Armen Hareyan's picture

American health care can be greatly improved by embracing "openness" throughout the health care arena. That is the principle finding of a new report, Harnessing Openness to Transform American Health Care, released by the Digital Connections Council (DCC) of the Committee for Economic Development (CED). The DCC has been developing the concept of openness in a series of reports.

"There are tremendous benefits to our society if we apply openness to health care," said Dr. Paul Horn, Chair of the DCC and former Senior Vice President, Research, IBM Corporation. "A major drawback of our current system is that information is not shared in a prompt way and we do not take advantage of contributions that researchers, medical professionals, and patients can make. This leads, for example, to a tremendous time lag between scientific medical advances and when they are generally used by medical professionals," Dr. Horn continued.

Several studies noted in the CED report have found that it takes 13-17 years for 14 percent of research findings to get into general medical practice. Harnessing Openness to Transform American Healthcare recommends greater openness through making information available under far less restrictive conditions and increasing the ability of others to contribute to it, so that, for example, research findings are more actively disseminated, become part of medical best practices, and improve patient outcomes.

For this report, the DCC decided to look at how "openness" was being or might usefully be employed throughout the healthcare arena. This area, which now constitutes approximately 16-17 percent of GDP, has long frustrated policymakers, practitioners, and patients. Bringing greater openness in different parts of the health care production chain can lead to substantial benefits by facilitating collaboration, speeding research, stimulating innovation, lowering costs, reducing errors, and closing the gap between discovery and treatment delivery.


Biomedical Research is being transformed by the success of the Human Genome Project (HGP). The HGP demonstrated the possibilities of mass collaboration and the beneficial results of allowing data to be accessed immediately and manipulated by researchers around the world. Other research projects have adopted this open model and are flourishing by encouraging collaboration, and sharing data, applications, and even network resources. The DCC recommends that the federal research agencies push further by enunciating clear policies favoring openness, funding further work on standards for protocols, formats, terminology and nomenclature that allow the sharing and manipulation of data, and supporting experiments with differing levels of openness to determine the optimal level of openness for research under various scenarios.

In Clinical Trials, questions about the openness of clinical trials have been raised vigorously over the last decade. Although the Food and Drug Administration (FDA) had long required the registration of clinical trials involving life-threatening interventions, there have been disputes as to the completeness of these registrations -- and about the lack of registration of other clinical trials. Advocates of greater openness here and around the world have been concerned not only about registrations, but also about access to trial results and, perhaps more important, to the data that underlie the results -- and whether the data will be available in a computable form. The report calls for greater availability of data from trials in electronic form to speed research and detect possible safety problems.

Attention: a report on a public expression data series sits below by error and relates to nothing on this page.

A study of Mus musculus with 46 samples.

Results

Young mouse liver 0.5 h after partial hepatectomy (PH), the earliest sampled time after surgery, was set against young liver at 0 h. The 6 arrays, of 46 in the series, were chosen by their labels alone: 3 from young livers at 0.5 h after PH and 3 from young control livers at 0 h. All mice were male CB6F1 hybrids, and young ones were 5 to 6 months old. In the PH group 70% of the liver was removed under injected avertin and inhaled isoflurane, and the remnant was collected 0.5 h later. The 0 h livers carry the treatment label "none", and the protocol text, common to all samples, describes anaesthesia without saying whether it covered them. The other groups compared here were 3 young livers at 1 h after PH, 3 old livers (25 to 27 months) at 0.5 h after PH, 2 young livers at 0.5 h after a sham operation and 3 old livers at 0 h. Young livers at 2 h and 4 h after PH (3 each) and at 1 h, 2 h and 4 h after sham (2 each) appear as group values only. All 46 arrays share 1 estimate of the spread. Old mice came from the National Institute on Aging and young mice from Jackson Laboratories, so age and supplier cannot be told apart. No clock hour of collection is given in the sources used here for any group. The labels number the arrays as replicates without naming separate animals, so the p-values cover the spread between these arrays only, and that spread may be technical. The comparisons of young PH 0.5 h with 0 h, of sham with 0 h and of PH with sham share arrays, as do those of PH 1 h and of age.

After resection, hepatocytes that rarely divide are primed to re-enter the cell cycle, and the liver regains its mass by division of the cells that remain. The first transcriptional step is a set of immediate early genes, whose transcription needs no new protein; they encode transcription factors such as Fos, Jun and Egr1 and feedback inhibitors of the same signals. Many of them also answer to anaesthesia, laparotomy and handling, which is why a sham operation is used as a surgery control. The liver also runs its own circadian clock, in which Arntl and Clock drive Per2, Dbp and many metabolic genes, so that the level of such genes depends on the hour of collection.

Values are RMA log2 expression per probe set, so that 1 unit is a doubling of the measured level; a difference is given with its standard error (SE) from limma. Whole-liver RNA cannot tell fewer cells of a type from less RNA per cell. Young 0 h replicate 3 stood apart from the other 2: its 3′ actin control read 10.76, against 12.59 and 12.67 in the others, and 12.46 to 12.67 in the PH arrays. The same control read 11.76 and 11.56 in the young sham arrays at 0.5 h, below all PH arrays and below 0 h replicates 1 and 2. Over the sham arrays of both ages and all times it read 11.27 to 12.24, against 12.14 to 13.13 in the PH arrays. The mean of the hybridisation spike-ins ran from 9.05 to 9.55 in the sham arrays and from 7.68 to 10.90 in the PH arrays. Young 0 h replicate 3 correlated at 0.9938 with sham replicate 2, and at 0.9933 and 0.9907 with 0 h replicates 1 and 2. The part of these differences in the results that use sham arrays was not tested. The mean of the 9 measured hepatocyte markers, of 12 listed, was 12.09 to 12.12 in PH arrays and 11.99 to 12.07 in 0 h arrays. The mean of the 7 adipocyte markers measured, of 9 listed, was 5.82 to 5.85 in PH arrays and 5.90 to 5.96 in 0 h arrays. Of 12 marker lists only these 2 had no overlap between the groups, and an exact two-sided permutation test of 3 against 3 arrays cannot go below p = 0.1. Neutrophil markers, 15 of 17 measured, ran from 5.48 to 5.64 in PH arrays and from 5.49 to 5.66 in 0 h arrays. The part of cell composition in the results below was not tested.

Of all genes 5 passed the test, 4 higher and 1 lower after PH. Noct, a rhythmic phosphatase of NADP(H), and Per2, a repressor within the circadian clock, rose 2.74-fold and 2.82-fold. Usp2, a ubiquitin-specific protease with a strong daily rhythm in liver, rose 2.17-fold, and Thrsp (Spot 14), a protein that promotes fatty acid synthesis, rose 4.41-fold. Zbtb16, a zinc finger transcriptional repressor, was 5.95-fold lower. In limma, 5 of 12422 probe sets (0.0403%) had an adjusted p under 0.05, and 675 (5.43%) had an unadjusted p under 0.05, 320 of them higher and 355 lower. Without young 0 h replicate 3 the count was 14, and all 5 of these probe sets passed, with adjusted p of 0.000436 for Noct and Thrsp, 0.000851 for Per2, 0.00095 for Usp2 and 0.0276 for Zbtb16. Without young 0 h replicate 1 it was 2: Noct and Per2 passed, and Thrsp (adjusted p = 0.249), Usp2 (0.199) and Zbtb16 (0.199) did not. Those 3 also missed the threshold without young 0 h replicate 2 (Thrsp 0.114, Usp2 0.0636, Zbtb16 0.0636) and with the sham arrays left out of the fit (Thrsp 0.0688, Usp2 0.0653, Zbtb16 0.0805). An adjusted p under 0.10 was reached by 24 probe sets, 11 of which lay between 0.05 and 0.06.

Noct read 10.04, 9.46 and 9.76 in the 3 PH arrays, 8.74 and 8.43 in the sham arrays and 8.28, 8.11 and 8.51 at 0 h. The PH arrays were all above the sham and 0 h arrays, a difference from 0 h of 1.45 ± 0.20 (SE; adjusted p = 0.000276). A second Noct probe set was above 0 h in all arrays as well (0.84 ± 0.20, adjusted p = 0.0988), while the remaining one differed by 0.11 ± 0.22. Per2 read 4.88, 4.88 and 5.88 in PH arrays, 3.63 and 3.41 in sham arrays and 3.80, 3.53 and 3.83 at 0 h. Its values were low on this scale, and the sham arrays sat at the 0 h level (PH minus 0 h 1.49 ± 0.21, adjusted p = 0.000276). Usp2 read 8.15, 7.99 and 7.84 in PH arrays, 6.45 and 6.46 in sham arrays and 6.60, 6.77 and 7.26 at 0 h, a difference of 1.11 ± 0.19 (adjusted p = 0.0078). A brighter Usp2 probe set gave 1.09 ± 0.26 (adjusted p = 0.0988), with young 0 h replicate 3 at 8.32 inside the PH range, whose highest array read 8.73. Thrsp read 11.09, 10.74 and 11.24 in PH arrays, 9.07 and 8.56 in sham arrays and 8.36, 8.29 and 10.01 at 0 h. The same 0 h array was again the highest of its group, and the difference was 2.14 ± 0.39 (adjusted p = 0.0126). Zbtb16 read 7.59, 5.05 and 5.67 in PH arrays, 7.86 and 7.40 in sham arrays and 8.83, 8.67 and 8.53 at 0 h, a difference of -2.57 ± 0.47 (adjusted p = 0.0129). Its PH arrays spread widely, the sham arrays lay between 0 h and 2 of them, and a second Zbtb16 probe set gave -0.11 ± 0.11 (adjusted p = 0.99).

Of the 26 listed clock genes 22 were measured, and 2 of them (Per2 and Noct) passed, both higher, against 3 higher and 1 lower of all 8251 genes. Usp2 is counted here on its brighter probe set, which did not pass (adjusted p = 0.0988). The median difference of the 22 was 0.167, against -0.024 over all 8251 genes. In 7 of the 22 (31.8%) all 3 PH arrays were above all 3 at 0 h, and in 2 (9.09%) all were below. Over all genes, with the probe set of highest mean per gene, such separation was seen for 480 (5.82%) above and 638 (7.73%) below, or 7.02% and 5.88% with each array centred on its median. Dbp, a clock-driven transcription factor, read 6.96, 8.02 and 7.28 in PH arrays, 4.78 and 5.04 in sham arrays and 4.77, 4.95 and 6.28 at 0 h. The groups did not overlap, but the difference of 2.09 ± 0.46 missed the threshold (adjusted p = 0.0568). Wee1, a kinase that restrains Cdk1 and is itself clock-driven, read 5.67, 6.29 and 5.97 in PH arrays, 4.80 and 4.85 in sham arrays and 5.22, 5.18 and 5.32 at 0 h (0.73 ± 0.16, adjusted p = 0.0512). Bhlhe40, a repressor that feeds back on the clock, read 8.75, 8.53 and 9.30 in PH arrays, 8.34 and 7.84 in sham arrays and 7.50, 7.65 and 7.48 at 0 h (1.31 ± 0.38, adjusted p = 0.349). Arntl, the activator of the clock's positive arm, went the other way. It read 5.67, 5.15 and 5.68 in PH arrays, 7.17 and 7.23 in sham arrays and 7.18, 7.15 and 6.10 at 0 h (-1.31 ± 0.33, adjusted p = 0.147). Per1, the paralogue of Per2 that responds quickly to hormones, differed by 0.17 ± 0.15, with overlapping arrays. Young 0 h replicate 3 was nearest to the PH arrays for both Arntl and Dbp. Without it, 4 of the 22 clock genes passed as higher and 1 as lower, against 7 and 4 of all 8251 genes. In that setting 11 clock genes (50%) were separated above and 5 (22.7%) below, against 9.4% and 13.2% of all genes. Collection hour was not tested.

The use of Electronic Health Records (EHRs) raises new openness issues. Utilizing such records, caregivers at any location would have access to a patient's medical history. Results of tests and treatments could be added easily as they become available, thereby improving treatment, preventing duplicative testing, and reducing medical errors. Eventually, EHRs could be constructed including family medical histories, genomic and pharmacogenomic data, environmental exposures, lifestyle and other information, easing the way toward the "personalization" of treatment. The aggregation of such records and others could then facilitate the achievement of a genuine "evidence-based" medical system. Such records provide far richer data than clinical trials, and could serve as the basis for predictive models similar to those used in other scientific domains. Harnessing Openness to Transform American Health Care stresses these benefits but recognizes the need to protect patient privacy and data security if the potential gains from EHR's are to be realized.

The DCC believes that greater openness in software-controlled Medical Devices creates new opportunities and challenges. The history of practitioner innovation in scientific instruments and the malleability of software suggest the potential for a dramatic increase in practitioner-driven customization. The report recommends that the FDA begin an examination of how to benefit from the user-driven innovation while maintaining appropriate oversight for safety and efficacy.

"The United States has long been a leader in medical innovation and treatment. Health care continues to grow as a percentage of our economy. Future economic growth will benefit by greater openness in the field. The recommendations in Harnessing Openness to Transform American Health Care provide a way to greater access to information by more people, and more possibilities for them to contribute based on their own expertise and energy. It shows us a path to improve health care without great additional expense," said Charles Kolb, CED President.